PHOENIX – Jerry Colangelo had many interactions with John McCain over the years as the senator helped to grow the Arizona sports landscape.
During the Phoenix Suns’ heyday, McCain would be a frequent spectator at games.
“When I think of my seats at America West Arena, my memory is looking at his seats, which were courtside, opposite the corner of the Suns bench,” said sports executive Colangelo, who previously owned the Suns and Diamondbacks. “He was a fixture. When he was in town, he was there.”
McCain had a large impact on the Arizona sports community, but his reach in the sports arena was felt around the country. He died Saturday after a battle with brain cancer. He was 81.
McCain supported many Arizona sports but said his favorite sports moment was when the Arizona Diamondbacks won the 2001 World Series, where he famously threw out the first pitch before Game 7 against the New York Yankees.
“His love for sport translated to the Diamondbacks, and especially the World Series team,” Colangelo said. “He was a big part of it, because of the political impact of 9/11, of us playing New York after a traumatic event, he was with the team.
“He’s very much a part of our memory. He was for all of us. He truly represented the people.”
McCain threw his hat into the sports arena numerous times during his six-term stay in the U.S. Senate, passing legislation and holding sports leagues accountable.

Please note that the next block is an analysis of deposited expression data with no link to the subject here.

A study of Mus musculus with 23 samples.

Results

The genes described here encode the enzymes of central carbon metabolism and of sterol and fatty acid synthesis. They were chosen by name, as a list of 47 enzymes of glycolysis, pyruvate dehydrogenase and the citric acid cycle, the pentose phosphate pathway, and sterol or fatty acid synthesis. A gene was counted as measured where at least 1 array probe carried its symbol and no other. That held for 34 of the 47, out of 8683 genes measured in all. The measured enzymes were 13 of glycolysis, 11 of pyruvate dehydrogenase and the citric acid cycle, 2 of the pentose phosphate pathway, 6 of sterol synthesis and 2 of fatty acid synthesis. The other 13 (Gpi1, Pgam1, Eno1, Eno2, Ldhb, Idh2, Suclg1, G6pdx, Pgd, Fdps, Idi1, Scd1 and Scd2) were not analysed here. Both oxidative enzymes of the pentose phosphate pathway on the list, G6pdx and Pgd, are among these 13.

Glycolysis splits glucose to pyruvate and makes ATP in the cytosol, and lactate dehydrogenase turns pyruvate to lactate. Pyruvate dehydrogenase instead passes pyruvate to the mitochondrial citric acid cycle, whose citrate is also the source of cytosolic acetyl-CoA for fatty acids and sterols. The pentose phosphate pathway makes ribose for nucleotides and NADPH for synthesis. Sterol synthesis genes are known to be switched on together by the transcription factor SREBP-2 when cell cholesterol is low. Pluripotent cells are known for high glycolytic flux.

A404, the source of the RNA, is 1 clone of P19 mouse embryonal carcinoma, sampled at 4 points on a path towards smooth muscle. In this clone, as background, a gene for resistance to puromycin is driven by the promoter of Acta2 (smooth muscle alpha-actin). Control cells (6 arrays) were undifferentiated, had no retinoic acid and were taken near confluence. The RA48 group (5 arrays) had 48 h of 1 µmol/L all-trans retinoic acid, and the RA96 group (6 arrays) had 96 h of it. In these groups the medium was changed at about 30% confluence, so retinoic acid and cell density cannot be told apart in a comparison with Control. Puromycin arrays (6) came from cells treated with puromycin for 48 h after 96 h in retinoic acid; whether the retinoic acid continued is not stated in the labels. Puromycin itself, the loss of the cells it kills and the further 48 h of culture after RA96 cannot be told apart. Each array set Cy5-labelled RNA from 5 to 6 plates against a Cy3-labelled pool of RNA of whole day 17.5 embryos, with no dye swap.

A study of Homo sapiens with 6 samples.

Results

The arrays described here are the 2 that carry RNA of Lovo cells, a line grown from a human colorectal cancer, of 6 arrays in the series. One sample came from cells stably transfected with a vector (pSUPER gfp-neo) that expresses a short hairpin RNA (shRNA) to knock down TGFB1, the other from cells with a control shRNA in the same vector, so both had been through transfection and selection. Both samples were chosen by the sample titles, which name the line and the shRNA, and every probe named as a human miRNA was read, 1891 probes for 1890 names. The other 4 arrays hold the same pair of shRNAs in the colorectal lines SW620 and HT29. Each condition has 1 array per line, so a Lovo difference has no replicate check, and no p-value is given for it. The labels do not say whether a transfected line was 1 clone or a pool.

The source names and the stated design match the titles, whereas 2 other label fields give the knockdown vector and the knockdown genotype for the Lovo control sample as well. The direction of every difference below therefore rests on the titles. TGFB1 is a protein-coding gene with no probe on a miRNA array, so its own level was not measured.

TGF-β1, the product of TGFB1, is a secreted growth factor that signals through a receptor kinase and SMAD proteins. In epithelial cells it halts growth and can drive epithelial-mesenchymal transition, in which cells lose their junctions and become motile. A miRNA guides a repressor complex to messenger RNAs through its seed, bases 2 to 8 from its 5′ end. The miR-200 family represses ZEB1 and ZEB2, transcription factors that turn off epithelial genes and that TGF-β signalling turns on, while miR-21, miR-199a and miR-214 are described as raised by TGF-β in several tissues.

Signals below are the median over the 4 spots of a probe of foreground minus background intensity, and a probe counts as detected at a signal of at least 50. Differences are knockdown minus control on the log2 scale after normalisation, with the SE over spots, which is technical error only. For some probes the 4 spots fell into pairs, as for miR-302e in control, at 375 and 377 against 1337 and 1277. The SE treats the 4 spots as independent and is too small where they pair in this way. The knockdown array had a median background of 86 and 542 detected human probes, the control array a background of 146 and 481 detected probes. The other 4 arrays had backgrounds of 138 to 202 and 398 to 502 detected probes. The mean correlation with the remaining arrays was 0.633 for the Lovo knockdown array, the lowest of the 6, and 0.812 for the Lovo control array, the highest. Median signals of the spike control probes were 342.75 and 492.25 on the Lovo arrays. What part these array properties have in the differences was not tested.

The NFL was a recent target of McCain’s as he called out team owners and commissioner Roger Goodell.
In November 2015, McCain and fellow Arizona Sen. Jeff Flake released a report stating that NFL owners were being paid to honor service members at its games.
“Americans across the country should be deeply disappointed that many of the ceremonies honoring troops at professional sporting events are not actually being conducted out of a sense of patriotism, but for the profit of in the forms of millions of dollars going from the Department of Defense to wealthy pro sports franchises,” McCain said in a press release.
McCain also called out the NFL for the league’s lack of participation in health research of head and brain injuries, specifically CTE.
Baseball was a love of McCain’s and as the head of the Senate Commerce Committee Chairman, he believed that steroids were taking over the game.
McCain threatened to introduce federal legislation if Major League Baseball didn’t create a stricter drug policy.
In response, Major League Baseball created its Joint Drug Prevention and Treatment Program in 2006 to help clean up the sport.
During his time in the U.S. Naval Academy, McCain was a boxer and after he joining the Senate, McCain passed two pieces of legislation to protect a boxer’s welfare and to limit corruption in the sport.
Locally, McCain questioned the City of Glendale for voiding the lease with the Arizona Coyotes in June 2015, telling Arizona Sports 98.7 FM, “Don’t we owe more than that? Don’t we owe the fans who have loyally shown up at the arena, even though they had one of the worst records in the league and yet they were still loyal and showed up for the Coyotes? Don’t we owe them something?”